Passive strength (part 1): A question of technique

When I was just beginning martial arts, my teacher would tell me to relax, but I could never understand how to generate strength at the same time. It was only years later, that I realised that this ability (also known as having “good technique”) did not come from actively contracting muscles, but from the ability to engage the passive strength of connective tissue.

Passive strength is the strength inherent to the materials from which your body is made. Active strength comes from your ability to contract muscles.  Passive strength can be considerable, but also deceptive. For example, a rope can support a heavy weight passively and does not have to be told to contract (like your muscles are by your brain).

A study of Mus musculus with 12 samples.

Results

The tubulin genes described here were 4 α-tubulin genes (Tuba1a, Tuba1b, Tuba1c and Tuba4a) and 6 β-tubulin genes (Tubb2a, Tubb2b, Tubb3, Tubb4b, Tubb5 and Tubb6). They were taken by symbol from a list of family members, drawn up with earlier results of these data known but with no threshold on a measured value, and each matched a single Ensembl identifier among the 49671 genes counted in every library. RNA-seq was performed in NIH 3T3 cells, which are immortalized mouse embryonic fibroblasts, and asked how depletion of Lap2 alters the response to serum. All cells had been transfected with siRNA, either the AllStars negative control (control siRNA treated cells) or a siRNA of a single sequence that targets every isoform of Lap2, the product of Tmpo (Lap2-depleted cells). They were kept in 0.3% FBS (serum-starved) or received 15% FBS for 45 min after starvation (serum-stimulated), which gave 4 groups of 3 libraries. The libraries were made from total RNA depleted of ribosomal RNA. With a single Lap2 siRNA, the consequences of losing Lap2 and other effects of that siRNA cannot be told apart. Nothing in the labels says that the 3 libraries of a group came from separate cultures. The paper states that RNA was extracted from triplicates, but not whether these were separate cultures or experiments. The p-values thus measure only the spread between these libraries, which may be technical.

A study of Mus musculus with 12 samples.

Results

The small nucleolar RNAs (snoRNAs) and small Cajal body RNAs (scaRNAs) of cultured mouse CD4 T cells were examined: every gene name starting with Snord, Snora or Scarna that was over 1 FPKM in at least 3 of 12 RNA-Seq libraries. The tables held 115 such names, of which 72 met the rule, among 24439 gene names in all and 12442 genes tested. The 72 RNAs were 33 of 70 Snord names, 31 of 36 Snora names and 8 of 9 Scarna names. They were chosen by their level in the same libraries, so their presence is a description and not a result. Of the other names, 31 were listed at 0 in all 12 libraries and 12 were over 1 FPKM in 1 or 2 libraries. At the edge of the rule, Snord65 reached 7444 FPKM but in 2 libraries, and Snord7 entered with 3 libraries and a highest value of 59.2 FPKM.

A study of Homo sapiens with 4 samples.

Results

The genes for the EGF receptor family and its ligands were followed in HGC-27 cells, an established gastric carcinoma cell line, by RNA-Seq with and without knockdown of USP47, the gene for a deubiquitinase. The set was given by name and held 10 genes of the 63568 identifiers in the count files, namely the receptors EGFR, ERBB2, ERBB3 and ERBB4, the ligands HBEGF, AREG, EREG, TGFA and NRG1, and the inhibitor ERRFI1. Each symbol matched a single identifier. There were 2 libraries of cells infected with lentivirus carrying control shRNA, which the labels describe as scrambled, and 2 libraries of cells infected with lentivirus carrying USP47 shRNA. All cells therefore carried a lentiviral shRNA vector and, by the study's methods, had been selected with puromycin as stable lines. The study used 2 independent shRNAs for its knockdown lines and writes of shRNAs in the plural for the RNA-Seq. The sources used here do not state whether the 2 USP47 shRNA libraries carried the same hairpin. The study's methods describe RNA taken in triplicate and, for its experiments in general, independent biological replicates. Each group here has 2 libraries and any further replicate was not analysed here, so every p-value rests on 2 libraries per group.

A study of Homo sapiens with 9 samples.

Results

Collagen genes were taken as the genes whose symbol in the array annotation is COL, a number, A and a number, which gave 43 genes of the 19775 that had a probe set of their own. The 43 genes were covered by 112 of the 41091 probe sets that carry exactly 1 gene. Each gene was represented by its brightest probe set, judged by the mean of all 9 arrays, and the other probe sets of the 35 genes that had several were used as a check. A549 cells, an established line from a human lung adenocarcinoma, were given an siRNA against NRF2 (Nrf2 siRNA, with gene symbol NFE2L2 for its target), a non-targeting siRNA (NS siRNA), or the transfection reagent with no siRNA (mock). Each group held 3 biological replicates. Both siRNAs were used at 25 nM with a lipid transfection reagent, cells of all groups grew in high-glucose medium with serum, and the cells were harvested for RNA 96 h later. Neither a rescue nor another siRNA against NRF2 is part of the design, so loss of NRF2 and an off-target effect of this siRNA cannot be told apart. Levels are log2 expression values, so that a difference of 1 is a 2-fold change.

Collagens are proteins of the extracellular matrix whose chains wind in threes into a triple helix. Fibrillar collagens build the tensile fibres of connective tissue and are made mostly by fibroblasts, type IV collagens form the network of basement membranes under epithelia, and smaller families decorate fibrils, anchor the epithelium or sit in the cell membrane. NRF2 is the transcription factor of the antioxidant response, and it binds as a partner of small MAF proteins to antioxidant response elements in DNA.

I often hear it said that having a job where you are stuck at a desk is inherently “bad for you”, but there is nothing inherent about it. Many people have really bad technique when it comes to sitting. You can have good or bad technique when it comes to anything! By this I don’t mean a specific position to sit in, with arms at right angles etc.  Bad technique means not engaging the passive strength of connective tissue, so muscles overwork to compensate, and this can cause tight, achy muscles.

The good news is that if you can have poor technique, you can also have good technique, and this is something that can be taught and learned, meaning that many “bad for you” activities don’t actually have to be an be “bad for you”. However, this involves learning how to go beyond merely surviving in your body – you actually have to start learning how to become alive while you are in it. This can take some work, but the rewards are considerable.

In a nutshell, it means you can have your cake and eat it.